Bulgaria: More Clarity in the Field of In-House Public Procurement Contracts


In addition to this announcement, the Public Procurement Agency (PPA) issued an official guideline for the application of the in-house exceptions under Article 14(1)(5) – (7) of the Public Procurement Act. Since the in-house exceptions of the Bulgarian Public Procurement Act have been adopted in compliance with Directive 2014/24/EU of the European Parliament and of the Council of February 26, 2014, on public procurement and repealing Directive 2004/18/EC, the PPA relied heavily on European legislation and European Court of Justice (ECJ) case law.

First, the PPA provided valuable insight into the application of Art. 14(1)(5)(a) of the Public Procurement Act. According to this provision, public contracting authorities are allowed to carry out tasks to perform their functions by directly entrusting activities to a legal entity that they control. The PPA pointed out that the contracting authority must be able to exercise both structural and functional control over the legal entity. In this respect, the fact that the contracting authority is the sole owner of the economic entity’s capital indicates the existence of such control. However, this is not sufficient to exclude the application of the Public Procurement Act. To find that control falls within the scope of the PPA, the contracting authority must prove that it participates in the company’s management – for example, in decisions relating to the election of the management bodies, determining the business plan, reducing and increasing the capital, etc.

Secondly, the PPA also brought special attention to the exception under Art. 14(1)(7) of the Public Procurement Act, which refers to in-house awards in case of joint control by two or more contracting entities over a legal entity contractor. The guidelines underpin that the contractor must have the capacity to carry out the relevant activities itself (to provide the service, carry out the works, etc.). If the contractor transfers the performance of the activities covered by the contract to another person, this is considered hidden subcontracting of the public contract. The PPA explained that such subcontracting is not permissible as it is contrary to the basic idea pursued by the case law of the ECJ that the contract should be executed with the contractor’s own resources. At the same time, this might have the effect of circumventing the application of the Public Procurement Act, as well as restricting competition.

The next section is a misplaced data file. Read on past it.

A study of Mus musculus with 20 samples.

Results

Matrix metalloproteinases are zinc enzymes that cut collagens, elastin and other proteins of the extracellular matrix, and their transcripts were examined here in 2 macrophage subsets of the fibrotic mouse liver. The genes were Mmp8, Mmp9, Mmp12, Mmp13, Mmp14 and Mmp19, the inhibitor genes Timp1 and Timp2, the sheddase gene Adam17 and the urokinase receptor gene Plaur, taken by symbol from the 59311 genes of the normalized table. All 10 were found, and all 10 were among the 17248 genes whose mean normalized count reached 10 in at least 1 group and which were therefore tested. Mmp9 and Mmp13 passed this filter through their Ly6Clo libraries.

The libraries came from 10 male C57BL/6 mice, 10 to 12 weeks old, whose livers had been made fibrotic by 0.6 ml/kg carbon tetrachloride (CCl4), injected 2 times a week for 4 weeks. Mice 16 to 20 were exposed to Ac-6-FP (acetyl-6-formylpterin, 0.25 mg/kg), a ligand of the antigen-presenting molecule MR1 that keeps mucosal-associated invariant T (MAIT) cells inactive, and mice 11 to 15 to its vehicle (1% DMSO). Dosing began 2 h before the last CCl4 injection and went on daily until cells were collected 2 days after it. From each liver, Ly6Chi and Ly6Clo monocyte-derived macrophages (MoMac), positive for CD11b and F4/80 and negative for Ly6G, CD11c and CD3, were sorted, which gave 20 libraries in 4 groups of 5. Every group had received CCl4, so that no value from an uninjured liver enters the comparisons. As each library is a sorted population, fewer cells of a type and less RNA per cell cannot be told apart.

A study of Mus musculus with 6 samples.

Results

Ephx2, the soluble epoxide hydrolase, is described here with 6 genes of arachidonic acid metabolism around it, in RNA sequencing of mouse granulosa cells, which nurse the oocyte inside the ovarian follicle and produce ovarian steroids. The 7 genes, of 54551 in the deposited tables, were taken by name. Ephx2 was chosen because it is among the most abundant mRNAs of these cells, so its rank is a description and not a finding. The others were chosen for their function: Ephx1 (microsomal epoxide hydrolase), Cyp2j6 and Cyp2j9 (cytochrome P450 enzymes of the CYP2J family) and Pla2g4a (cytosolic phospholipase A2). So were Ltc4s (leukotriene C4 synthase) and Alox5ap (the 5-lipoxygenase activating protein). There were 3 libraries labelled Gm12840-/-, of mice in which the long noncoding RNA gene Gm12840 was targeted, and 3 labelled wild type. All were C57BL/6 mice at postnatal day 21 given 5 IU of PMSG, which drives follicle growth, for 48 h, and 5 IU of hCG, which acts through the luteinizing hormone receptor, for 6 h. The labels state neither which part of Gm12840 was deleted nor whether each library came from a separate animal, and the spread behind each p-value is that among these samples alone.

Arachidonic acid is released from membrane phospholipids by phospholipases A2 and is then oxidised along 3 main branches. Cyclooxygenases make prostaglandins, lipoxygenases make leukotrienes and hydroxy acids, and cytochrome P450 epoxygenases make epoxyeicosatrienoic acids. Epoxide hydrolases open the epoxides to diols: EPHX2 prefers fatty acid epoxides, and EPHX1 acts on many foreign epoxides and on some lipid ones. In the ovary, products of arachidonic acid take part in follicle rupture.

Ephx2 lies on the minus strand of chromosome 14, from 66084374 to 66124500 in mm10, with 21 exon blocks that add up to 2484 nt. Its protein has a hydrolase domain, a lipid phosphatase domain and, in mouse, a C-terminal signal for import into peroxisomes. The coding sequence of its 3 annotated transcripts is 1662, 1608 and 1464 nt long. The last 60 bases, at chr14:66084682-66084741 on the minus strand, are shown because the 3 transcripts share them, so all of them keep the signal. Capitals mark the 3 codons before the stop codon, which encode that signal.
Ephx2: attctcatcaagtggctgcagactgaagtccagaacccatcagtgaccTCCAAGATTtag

In its guidelines, the PPA highlighted that to ensure publicity of the contracts to which legislative exceptions apply, the Public Procurement Act introduces an obligation for contracting authorities to publish a contract award notice (Article 26, paragraph 1, item 3). For certain contracts, e.g., those of significant value, of strategic importance, or in which there is a serious public interest, the PPA advised that contracting authorities should announce their intention to conclude such a contract in advance by publishing a voluntary transparency notice in the Public Procurement Register, even though they are not legally required to do so. This approach is supposed to provide additional certainty as to the legality and stability of the contract after the expiry of the period for appealing the notice.

The PPA’s guidelines are a step in the right direction for the Bulgarian government in implementing the relevant European legislation effectively in force. There is no doubt that in-house awards are beneficial to society as the rules on public procurement should not affect the freedom of public authorities to implement the tasks entrusted to them to provide public services by using their own resources.

However, in these cases, higher scrutiny would also be in the best interest of society as the implementation of preventive mechanisms against potential abuse of the exceptions to public procurement legislation is a highly recommended good practice within the EU. By setting rules for interpreting the legislative exception, the Bulgarian government provides clarity and legal security to persons who might wish to benefit from it legitimately.

By Antoniya Markova, Partner, and Tihomir Rachev, Associate, Gugushev & Partners

This Article was originally published in Issue 9.4 of the CEE Legal Matters Magazine. If you would like to receive a hard copy of the magazine, you can subscribe here.